Paul Minor did his best to comfort Sylvia, his wife of 41 years, during his brief February 20th visit. He tried to feed her, to talk with her, and to care for her the way he wished he could on every one of her final days in hospice care. Sylvia is in the last stages of terminal brain cancer, which has now spread to both of her lungs, her bones and her spine. Sometimes her mind is sharp and her conversation lucid, but there are bad days; her mind shuts down when her pain becomes too excruciating to endure. Unfortunately Minor’s visit occurred on one of Sylvia’s bad days… After three short hours with Sylvia, Minor’s prison guards whisked him back to the Pensacola federal prison camp. When the Minors’ daughter Kathryn spoke to her mom the next day during a lucid moment, Sylvia had no memory of Paul’s visit.
Minor’s abbreviated visit to his wife’s bedside was only the latest bitter moment for an American hero. Karl Rove’s crooked henchmen at the U.S. Justice Department have turned this dignified gentleman’s life into a horrible ordeal that is a disgrace to American democracy. One of the nation’s top trial lawyers, Minor stands convicted on partisan political charges ginned up by Rove’s right wing toadies at the Department of Justice. Paul Minor is serving the second year of a breathtaking 11-year sentence for non-violent, white collar crimes he did not commit.
Minor’s “crime” consisted of making campaign donations to Democratic candidates for judgeships in Mississippi, setting back plans hatched by Karl Rove and Hailey Barbour (then RNC chair and now governor of Mississippi) to take control of the state’s judiciary by flooding the electoral process with dollars from G.O.P.-loyal out-of-state business interests. The details of his case were surveyed here and here. His appeal is slated to be argued in New Orleans on April Fool’s Day.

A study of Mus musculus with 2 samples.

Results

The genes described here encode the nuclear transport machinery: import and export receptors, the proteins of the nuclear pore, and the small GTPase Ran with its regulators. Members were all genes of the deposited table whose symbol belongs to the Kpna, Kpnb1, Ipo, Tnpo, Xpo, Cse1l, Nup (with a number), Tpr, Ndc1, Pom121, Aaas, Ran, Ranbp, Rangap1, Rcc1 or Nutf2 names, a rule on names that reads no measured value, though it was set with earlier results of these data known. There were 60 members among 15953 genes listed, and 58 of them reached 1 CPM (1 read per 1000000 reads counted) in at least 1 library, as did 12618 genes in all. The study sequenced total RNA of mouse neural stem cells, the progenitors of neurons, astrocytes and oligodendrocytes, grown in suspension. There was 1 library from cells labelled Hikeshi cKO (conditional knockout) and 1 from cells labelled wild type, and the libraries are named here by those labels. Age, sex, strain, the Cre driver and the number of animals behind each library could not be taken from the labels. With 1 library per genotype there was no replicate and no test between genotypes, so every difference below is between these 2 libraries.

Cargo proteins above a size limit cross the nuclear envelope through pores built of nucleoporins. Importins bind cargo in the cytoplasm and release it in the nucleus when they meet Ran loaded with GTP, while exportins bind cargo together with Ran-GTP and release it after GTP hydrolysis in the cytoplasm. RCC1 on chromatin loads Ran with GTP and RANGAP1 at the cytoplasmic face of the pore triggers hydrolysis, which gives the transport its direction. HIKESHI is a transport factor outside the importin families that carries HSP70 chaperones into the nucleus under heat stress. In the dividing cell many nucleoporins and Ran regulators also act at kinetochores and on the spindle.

More from Scott Horton:
Conversation — March 30, 2016, 3:44 pm
Joseph Hickman discusses his new book, The Burn Pits, which tells the story of thousands of U.S. soldiers who, after returning from Iraq and Afghanistan, have developed rare cancers and respiratory diseases.
In Havana, the past year has been marked by a parade of bold-faced names from the north — John Kerry reopening the United States Embassy; Andrew Cuomo bringing a delegation of American business leaders; celebrities ranging from Joe Torre, traveling on behalf of Major League Baseball to oversee an exhibition game between the Tampa Bay Rays and the Cuban national team, to Jimmy Buffett, said to be considering opening one of his Margaritaville restaurants there. All this culminated with a three-day trip in March by Barack Obama, the first American president to visit Cuba since Calvin Coolidge in 1928. But to those who know the city well, perhaps nothing said as much about the transformation of political relations between the United States and Cuba that began in December 2014 as a concert in the Tribuna Antiimperialista.
Estimated portion of registered voters in Zimbabwe who are dead:
Honeybees can recognize individual human faces.
Pope Francis announced that nuns could use social media, and a priest flew a hot-air balloon around the world.